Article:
Tuesday, November 11, 2008

This Is Where The Party Ends

So let's say your'e at a gathering of co-workers on a Saturday night.

And let's say that one party-goer is a woman who hasn't attended a social event with you in forever.

And let's say that at said party, said party-goer thinks it's a fab idea to tell Anti-Semetic jokes.

Three of them.

And she's totally undeterred by the uncomfortable statements everyone makes between the jokes ("Um, wow, I think I'm a bit too close to teaching Night to hear this..."), in fact noticing how awkward the situation is and then continuing with the jokes.

How would you handle this situation? Create a diversion to draw attention from the bigoted jokester? Skip the passive aggressive and go right to aggressive with her? Whatcha gonna do? Spit in her eye?

Seriously, I'm fascinated. Share away.


The Social Reformer said...

probably the diversion method

Lisa S. said...

Looking at the person with a confused look followed up by "I don't understand. What does that mean?" works well for me. Because when they actually are about to have to explain, "Jews (insert anti-Semitic stereotype here)" they generally don't want to sound OVERTLY bigoted even though they've been telling bigoted jokes.

I used to let stuff like this go by ignoring it or walking away, but then I spent the summer in Europe studying the Holocaust. Nine days studying at Auschwitz makes any party discomfort seem ridiculously trivial.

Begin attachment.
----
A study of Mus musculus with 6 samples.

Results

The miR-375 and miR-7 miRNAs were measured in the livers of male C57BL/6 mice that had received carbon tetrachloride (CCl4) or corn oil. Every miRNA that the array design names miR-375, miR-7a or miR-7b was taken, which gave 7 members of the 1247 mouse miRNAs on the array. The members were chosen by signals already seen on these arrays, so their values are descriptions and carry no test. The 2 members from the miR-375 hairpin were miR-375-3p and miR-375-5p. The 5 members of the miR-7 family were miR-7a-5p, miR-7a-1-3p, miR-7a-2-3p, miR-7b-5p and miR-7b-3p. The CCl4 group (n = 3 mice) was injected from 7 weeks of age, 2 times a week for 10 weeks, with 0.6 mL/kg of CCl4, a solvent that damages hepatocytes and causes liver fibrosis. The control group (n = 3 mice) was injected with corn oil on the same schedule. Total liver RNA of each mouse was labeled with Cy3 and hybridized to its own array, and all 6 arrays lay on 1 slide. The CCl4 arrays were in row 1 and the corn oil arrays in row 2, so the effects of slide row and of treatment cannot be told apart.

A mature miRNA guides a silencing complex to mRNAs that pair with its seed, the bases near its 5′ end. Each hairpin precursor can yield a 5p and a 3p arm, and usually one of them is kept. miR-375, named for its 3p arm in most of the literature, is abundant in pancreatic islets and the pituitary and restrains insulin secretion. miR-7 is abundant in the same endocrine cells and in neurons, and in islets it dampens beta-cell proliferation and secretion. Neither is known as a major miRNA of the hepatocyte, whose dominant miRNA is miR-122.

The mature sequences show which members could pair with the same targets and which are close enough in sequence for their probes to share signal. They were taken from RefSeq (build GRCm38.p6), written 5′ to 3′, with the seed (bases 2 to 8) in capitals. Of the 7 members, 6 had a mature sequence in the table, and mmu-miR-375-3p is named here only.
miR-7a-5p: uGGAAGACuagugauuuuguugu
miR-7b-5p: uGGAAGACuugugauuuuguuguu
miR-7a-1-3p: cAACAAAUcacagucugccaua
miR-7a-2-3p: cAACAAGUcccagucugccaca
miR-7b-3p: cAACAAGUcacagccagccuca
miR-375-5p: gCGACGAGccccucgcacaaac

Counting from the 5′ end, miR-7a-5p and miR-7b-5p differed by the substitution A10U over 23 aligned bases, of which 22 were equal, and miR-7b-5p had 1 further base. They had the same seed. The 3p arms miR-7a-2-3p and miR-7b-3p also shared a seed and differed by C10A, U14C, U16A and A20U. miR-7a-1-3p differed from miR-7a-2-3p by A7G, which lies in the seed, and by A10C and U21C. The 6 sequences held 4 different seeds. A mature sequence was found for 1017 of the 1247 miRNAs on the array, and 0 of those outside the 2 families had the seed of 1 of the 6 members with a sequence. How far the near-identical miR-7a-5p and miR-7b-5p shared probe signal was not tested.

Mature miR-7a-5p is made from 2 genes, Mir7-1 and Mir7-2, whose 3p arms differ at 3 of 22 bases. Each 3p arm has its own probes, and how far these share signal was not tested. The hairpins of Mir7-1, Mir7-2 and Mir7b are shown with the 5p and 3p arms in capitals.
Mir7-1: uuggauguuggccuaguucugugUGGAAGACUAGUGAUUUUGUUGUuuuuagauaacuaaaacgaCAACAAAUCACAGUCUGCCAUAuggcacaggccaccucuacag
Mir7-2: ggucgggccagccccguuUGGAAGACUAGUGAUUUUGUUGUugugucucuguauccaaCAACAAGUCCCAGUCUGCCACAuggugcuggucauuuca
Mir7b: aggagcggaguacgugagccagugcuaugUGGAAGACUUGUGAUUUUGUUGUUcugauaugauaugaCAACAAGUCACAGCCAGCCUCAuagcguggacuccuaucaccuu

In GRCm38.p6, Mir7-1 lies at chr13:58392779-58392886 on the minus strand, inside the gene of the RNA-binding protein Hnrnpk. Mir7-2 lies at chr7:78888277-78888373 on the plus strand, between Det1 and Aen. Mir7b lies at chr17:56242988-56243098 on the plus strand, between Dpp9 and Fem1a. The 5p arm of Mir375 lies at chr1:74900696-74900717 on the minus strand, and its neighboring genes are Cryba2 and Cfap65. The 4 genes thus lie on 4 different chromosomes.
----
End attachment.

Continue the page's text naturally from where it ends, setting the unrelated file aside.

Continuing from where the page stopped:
Scott Jones said...

Well, it of course always depends upon the person and the context, but I'd probably say something. I know my partner would if he were with me, so I probably would say something first because I'd probably be gentler with her.

btw to return to something fun I used to do -- the word verification is "fackboer" -- a South African curse word

Amanda Shankle-Knowlton said...

The last time I was in this type of situation, I followed up with the offender by email. The email had a breezy, positive tone but let him know that I found his comments unwelcoming and inappropriate. Sometimes all it takes it to let someone know that their behavior is being watched and judged for them to take a closer look at themselves and what comes out of their mouths.

It depends on the person, and what was said - If it is something that I feel needs to be corrected right away and publicly, I wouldn't worry about embarrassing the offender but I'd adjust my level of tact depending on whether I need to maintain a civil relationship with this person.

educat said...

Thanks to all. I'm surprised at the number of you who commented here.

In the end, I asked the co-worker if those jokes were the result of her sending her daughter to "that fine Catholic university" (the one where Mel Gibson is rumored to have sent his child...I KNOW!) and the friend next to me shared that her daughter was at a Bar Mitzvah that very night with the family for whom she nannies.

She got the message and apologized, but we've all been shocked.